By pursuing a J.D. from Rutgers Law School, I envisioned I would have the ability and duty to advocate for marginalized individuals. This summer, I had the honor to advocate for those who could not afford private legal representation, as a Law Clerk for the Federal Public Defender’s Office in the District of New Jersey.
The Sixth Amendment to the United States Constitution grants accused individuals the right to representation in criminal prosecutions. The Criminal Justice Act (CJA), passed in 1964 and amended in 1970, enables the federal judicial districts to establish Federal Defender organizations to fulfill this Constitutional right. Federal Defender Offices are the institutional counterparts to U.S. Attorney’s Offices who prosecute federal crimes. The vast majority of people prosecuted in Federal court cannot afford the cost of representation. There is no criminal charge that overrides a person’s Constitutional right to legal representation. Clerking at the Federal Defender’s Office was an opportunity to serve both the individual and the public, by ensuring our criminal justice system is operating fairly.
The majority of the Office’s work involves making sure our clients are fairly sentenced such that justly compensates victims, maximizes rehabilitation, and keeps our communities safe. To that end, defenders work with investigators and support personnel to develop a complete picture of the client, examining their full history and current circumstances. Sometimes employers or family members write letters explaining their relationship with the client and speaking to their character. This information is compiled in a sentencing memo, along with the attorney’s recommendation to the judge about what the client’s sentence should be, within the range of sentencing guidelines judges use.
Writing sentencing memos for judges really drove home that clients are individual people with strengths and weaknesses, carrying trauma and triumphs, navigating life just like the rest of us. They have a Constitutional right to have their story heard, as judges can (and do) take facts separate from the charged crime into account at sentencing. I saw that many of our clients had childhood trauma, and could likely have benefited from advocacy in their past. This is one reason why I will be representing children in child abuse and neglect cases next semester in the Child and Family Advocacy Clinic at Rutgers; the legal system can be a tool to provide necessary services to those in need.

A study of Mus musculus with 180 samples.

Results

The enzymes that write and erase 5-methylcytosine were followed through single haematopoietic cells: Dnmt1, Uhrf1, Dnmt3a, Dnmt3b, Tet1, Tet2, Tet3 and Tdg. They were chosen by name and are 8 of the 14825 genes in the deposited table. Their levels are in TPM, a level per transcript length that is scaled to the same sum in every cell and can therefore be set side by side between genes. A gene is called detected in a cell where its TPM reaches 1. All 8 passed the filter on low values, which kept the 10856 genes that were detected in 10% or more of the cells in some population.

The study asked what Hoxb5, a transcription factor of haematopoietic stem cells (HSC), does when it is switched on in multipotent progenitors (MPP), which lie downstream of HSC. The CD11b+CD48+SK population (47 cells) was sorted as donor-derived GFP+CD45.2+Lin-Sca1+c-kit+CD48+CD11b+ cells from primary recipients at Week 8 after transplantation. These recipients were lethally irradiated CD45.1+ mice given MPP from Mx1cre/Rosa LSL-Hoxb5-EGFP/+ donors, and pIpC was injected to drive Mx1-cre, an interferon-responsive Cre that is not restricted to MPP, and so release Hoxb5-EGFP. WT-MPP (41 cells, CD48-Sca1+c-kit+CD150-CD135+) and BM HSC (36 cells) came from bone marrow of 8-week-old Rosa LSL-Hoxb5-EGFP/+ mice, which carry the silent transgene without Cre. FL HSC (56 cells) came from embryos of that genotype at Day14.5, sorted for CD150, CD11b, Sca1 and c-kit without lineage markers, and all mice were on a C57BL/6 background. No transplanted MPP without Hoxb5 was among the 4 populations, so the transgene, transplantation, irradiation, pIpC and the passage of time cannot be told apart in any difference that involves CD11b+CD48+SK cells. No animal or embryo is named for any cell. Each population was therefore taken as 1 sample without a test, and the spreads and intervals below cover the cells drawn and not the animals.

I observed clients who took charge of their lives by successfully “reentering” society after incarceration through the NJ Federal Prisoner Reentry Program. Each week, Prosecutors, Defenders, Parole Officers, client family members, and support staff met with specially selected participants in order to facilitate their successful transition to living in the community by removing or reducing barriers to securing stable housing, supporting their families, completing educational goals, and finding jobs. I highly value the unique experience of watching everyone working towards the common goal of supporting formerly incarcerated individuals and their communities, which is rare in our adversarial legal system. I was lucky to attend the graduation of a participant who had successfully completed 52 weeks of demanding program requirements. Although this client was no longer mandated to attend Reentry Court meetings, he enthusiastically said that he would keep attending nonetheless, because the support had been so helpful.
This mix of social work and law was what I envisioned when coming to law school. While earning my undergraduate degree in Developmental Psychology, I volunteered as a Court Appointed Special Advocate (CASA) for abused and neglected children in the Burlington County Family Court system. In this position, too, I saw the judge and attorneys on both sides trying to work together for the best interests of children. My role was to gather information about the child’s circumstances and needs, document and present them to the court, ensure that appropriate services were ordered, and explain the results of the proceeding to the child. CASA prepared me for reading Pre Sentencing Reports and advocating for clients’ needs this summer. Rutgers Law prepared me for researching and writing about obscure points of law and communicating case strategies with other attorneys.
I loved that my internship provided me a wide range of experiences that will serve me well in my legal career. I was not chained to a desk doing legal research (although I did get phenomenal research experience under the guidance of research and writing attorneys). Instead, I observed Federal criminal trials (including a bank robbery and a police officer’s prosecution for excessive force), sentencing hearings, hearings for violations of supervised release, met clients in state correctional facilities, toured a Federal Correctional Facility alongside interns from the US Attorney’s Office and Federal Law Clerks, and watched our client’s position argued before the United States Court of Appeals for the Third Circuit.
I deeply appreciate the Federal Judiciary in Camden, where judges, attorneys from both offices, and support staff have a passion for their work and facilitate a respectful and collegial environment. My commitment to public service has never been stronger. As a Social Justice Scholar at Rutgers Law entering my 3L year, I am excited to put the skills and knowledge I gained this summer to use through continued client advocacy.